The NCAA and Department of Defense initiative announced during the White House Healthy Kids & Safe Sports Concussion Summit builds upon ongoing NCAA-funded research.
While the NCAA and DoD partnership includes the largest study of its kind ever conducted, the NCAA has already been a leader in concussion research. In 2012, the NCAA invested in the National Sport Concussion Outcomes Study Consortium to examine the effects of head injuries in contact and noncontact sports in both genders through the course of a college career. That study followed previous landmark research focused on better understanding concussions.
In 1999, the NCAA funded a long-term concussion study with researchers Kevin Guskiewicz, director of North Carolina’s Matthew Gfeller Sport-Related Traumatic Brain Injury Research Center, and Michael McCrea, director of brain injury research at the Medical College of Wisconsin.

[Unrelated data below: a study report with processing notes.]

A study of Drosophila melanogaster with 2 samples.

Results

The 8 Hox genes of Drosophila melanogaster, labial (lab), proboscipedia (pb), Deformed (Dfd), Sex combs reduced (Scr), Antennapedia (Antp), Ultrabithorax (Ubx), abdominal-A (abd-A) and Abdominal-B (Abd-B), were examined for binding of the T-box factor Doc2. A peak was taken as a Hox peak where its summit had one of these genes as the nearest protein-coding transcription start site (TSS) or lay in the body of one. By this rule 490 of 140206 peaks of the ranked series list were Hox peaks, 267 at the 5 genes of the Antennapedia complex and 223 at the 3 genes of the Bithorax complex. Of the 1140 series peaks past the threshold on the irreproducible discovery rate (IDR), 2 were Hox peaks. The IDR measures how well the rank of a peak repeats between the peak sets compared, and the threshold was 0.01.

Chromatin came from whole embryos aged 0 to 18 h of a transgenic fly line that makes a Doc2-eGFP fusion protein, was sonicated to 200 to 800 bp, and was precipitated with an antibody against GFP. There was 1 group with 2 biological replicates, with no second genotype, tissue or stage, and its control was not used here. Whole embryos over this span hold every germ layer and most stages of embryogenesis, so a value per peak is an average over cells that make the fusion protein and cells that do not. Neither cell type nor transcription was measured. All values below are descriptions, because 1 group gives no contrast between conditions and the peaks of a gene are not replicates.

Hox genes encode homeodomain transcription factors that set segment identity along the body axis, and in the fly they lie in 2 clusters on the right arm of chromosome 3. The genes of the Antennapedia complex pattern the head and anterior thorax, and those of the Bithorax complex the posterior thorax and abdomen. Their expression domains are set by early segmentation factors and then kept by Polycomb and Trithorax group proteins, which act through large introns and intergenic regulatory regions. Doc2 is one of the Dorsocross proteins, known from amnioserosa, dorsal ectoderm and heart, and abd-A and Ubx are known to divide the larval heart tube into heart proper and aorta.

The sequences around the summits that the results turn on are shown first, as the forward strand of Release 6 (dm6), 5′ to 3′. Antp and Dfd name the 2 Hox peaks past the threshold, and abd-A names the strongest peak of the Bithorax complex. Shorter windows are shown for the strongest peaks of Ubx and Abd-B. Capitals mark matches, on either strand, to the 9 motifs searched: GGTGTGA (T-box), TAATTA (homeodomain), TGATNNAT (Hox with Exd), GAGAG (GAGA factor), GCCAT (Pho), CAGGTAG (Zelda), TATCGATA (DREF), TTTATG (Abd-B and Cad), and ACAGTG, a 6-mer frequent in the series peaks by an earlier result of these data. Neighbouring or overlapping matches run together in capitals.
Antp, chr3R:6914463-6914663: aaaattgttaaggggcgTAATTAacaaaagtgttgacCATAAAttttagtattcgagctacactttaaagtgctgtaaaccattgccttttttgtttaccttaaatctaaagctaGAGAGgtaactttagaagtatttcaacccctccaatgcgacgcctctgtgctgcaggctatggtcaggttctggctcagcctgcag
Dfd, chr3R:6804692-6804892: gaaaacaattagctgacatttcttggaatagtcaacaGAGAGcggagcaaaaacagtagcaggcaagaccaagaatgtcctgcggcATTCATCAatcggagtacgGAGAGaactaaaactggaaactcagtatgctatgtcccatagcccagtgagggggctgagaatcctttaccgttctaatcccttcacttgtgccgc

Guskiewicz and McCrea published their findings in a 2003 report in the Journal of the American Medical Association. That seminal study laid the groundwork for additional research on sport-related concussions.
Recognizing the potential long-term effects of concussions, in 2013 the NCAA commissioned a follow-up to the 1999 research conducted by Guskiewicz and McCrea. That study, “A prospective, longitudinal study of head impact exposure, neurologic health and brain imaging biomarkers in former NCAA athletes: 15 year follow-up of the original NCAA concussion study,” is an ongoing effort to understand the chronic neurological effects of concussions and repetitive, sub-concussive head impacts, particularly among NCAA student-athletes.
The NCAA and DoD concussion efforts will build on these works in the largest, most diverse student-athlete population ever studied.